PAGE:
By Judith Townend, Director of the Centre for Law and Information Policy at the Institute of Advanced Legal Studies
Judith answers our questions about her experiences engaging the public.
Could you tell us a little bit about who you are and the research that you do/your role in SAS?
I am director of the recently launched Centre for Law and Information Policy at the Institute of Advanced Legal Studies (IALS), part of the School of Advanced Study (SAS). Our area of interest is ‘information law and policy’, or put another way, law and policy as it relates to the control and flow of information and data in society.
The Centre has quite a broad title, but we plan to specialise in certain areas that affect the wider public’s, as much as academics’ and lawyers’, everyday activity: data protection, misuse of private information and freedom of information, for example. Also, and this has a particular relevance to public engagement, we are interested in the way that specifically legal information is communicated to the public: through the courts and parliament, in private practice, by media and legal information organisations. The way that information about law reaches the public is quite haphazard: through a piecemeal system of communication that is heavily reliant on a number of third parties, many commercial. There are lots of things that could be done to improve public understanding and awareness about law.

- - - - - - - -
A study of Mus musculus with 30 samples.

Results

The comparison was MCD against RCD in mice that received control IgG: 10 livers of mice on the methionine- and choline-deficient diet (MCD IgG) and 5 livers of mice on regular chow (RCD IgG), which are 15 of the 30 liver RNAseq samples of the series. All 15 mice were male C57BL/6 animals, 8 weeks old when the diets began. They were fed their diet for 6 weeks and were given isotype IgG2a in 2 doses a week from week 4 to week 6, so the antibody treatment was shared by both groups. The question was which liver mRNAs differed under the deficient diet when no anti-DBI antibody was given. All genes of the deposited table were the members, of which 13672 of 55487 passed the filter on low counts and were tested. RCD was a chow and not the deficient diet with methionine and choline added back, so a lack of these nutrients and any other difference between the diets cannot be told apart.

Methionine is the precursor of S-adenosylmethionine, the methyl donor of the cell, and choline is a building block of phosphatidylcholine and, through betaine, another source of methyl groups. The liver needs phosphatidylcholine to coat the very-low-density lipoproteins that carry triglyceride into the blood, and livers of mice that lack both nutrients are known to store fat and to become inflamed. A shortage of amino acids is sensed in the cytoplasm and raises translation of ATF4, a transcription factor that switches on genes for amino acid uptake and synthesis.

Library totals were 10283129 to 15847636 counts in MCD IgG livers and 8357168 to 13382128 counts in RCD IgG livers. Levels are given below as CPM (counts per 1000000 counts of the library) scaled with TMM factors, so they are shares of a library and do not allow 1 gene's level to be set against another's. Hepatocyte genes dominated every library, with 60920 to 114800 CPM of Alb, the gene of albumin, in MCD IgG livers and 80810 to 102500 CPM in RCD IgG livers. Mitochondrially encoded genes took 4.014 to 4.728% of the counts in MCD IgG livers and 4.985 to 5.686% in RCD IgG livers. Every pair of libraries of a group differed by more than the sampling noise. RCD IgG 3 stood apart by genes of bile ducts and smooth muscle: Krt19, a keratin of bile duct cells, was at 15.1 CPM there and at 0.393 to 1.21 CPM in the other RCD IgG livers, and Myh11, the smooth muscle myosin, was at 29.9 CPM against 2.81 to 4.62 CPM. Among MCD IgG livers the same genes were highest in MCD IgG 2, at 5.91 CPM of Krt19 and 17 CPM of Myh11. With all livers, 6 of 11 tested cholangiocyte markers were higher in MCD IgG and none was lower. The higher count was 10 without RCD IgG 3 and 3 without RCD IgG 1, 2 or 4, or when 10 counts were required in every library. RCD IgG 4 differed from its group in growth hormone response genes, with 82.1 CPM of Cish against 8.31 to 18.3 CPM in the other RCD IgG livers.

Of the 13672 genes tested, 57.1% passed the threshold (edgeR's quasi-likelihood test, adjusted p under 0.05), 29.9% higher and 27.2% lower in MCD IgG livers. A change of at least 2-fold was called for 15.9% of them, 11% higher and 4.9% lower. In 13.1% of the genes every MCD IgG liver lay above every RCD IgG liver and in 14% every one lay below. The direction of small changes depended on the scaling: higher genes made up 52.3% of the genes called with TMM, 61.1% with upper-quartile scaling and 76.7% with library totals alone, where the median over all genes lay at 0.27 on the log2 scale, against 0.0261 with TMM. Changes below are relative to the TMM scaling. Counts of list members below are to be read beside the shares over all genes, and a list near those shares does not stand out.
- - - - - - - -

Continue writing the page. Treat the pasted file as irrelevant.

What public engagement activities have you been involved with in the School?
The new Centre has only just officially launched, but it’s already been quite busy. In November 2014, shortly after I joined the School, I organised the Humanity of Judging event at the Supreme Court, part of the Being Human festival. The idea was to give the public an insight into the courts process with a free guided tour of the court (normally there is a small fee), and hear about the human side of judging from an expert panel of three legal academics and a Deputy High Court Judge, chaired by a Justice of the Supreme Court. I also took part in the Human Library during the festival in which we discussed our specialist interests with members of the public in the wonderful Senate House Library, although I think I learned as much from them as they learned from me about their experiences and views of social media and the law. Most recently we launched the Centre with two public events in February.